One of the AmeriCorps members asked a common question:
What’s the cut off (time of years passed) when a job is no longer applicable on a resume? And what about training classes or memberships?
This is a common question because my clients ask it all the time. Here are some of the points to remember when putting things on your resume or taking them off and some ways to use old information.
- One rule of thumb for professional resume writers is a 10 -15 year look back. This means that you only include the last 10-15 years of employment on your resume. Older jobs can be omitted.
But I worked for 20 years for the same company?
- If you have been with the same company for any length of time you need to include the full time you worked there. If someone checks with the employer, they need to get the same answer as you put on the resume.
What if the old job was with a great company or I did great things there?
- When your some of your best accomplishments come from an old position, it is hard to leave it off the resume. This is when I use a prior background or prior engagements on the resume. You create a new section toward the bottom of your resume and list the position, the company, and the years.
- It might look like this: Sales Manager | American Express | 11 years
- Now on the top of your resume in your “Selected Accomplishments & Milestones” section, you can reference American Express like this ~ American Express and list that great accomplishment with the tag of the company name behind it.
- Example: In the Prior Background section - Store Manager, Bath and Body Works, Wausau, WI | 3 Years
- Bullet in Selected Accomplishments: While with Bath and Body Works, traveled and opened new stores and selected as first to open the White Barn Candle Company through them. ~ Bath and Body Works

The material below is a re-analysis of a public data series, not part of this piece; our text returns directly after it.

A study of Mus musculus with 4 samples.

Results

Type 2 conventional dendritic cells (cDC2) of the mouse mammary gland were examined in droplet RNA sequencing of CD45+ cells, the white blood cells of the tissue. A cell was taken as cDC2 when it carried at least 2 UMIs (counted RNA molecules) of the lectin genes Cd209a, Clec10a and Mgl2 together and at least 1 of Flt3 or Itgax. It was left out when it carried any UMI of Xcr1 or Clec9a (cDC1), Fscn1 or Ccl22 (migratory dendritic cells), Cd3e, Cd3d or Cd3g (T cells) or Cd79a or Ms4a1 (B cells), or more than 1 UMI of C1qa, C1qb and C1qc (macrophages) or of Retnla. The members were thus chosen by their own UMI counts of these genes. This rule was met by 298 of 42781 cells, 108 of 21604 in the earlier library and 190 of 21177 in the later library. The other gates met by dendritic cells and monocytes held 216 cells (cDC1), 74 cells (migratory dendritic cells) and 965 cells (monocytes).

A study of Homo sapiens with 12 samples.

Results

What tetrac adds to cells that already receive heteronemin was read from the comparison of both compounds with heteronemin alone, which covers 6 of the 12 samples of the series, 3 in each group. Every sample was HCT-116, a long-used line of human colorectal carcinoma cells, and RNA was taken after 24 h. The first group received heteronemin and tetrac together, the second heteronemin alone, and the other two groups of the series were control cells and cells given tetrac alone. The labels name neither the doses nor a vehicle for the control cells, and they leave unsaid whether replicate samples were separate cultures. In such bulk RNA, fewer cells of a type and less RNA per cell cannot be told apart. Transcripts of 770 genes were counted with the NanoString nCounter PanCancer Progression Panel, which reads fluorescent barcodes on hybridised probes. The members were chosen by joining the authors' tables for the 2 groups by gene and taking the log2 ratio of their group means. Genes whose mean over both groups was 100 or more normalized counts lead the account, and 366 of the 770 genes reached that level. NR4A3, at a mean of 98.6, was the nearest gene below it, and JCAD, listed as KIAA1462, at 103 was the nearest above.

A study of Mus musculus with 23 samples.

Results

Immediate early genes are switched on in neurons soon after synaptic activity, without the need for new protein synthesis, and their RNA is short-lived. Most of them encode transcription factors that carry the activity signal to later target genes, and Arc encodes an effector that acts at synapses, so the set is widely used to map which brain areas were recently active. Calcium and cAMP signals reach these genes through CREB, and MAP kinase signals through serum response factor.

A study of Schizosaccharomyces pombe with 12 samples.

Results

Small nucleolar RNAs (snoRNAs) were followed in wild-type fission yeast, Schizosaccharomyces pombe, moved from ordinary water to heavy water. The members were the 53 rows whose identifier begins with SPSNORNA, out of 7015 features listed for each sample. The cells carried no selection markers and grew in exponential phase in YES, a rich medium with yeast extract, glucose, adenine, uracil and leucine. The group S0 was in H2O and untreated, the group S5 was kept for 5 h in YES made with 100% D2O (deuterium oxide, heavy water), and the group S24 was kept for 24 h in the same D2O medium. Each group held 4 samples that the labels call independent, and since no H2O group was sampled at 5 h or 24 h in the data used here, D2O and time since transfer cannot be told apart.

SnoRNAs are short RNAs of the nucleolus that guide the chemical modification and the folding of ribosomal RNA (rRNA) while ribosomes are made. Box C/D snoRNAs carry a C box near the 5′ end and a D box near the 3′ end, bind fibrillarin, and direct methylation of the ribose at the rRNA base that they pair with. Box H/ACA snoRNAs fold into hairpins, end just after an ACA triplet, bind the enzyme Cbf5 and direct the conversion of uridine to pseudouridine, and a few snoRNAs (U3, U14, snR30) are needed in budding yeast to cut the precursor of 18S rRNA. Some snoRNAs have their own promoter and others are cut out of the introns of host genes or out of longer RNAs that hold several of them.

What about training classes or seminars and memberships?
How much impact would those classes have on your job target? If you are certified in an area and the new employer values that certification, I would put the information in your resume. But if you are just listing everything you ever did, you need to be more selective. When in doubt, think about your job targets and make sure everything on your resume is geared to the target. Old memberships can be deleted when they no longer matter or are just too old.
I can remember writing a resume for a person who was aspiring to be promoted to Captain at a local fire department. It was in my very early days of resume writing at least 20 years ago. He insisted that we include every training he ever did. He went to the interview with the Police and Fire Commission and they said too much information and turned him down. We trimmed down the resume and put in only the critical training. We also created an addendum with a full list of every training, just in case.
What happened? The next time a Captain position opened, he got the job and he retired as Assistant Chief years later. See the difference the right information can make on your resume. Too much information can be just that!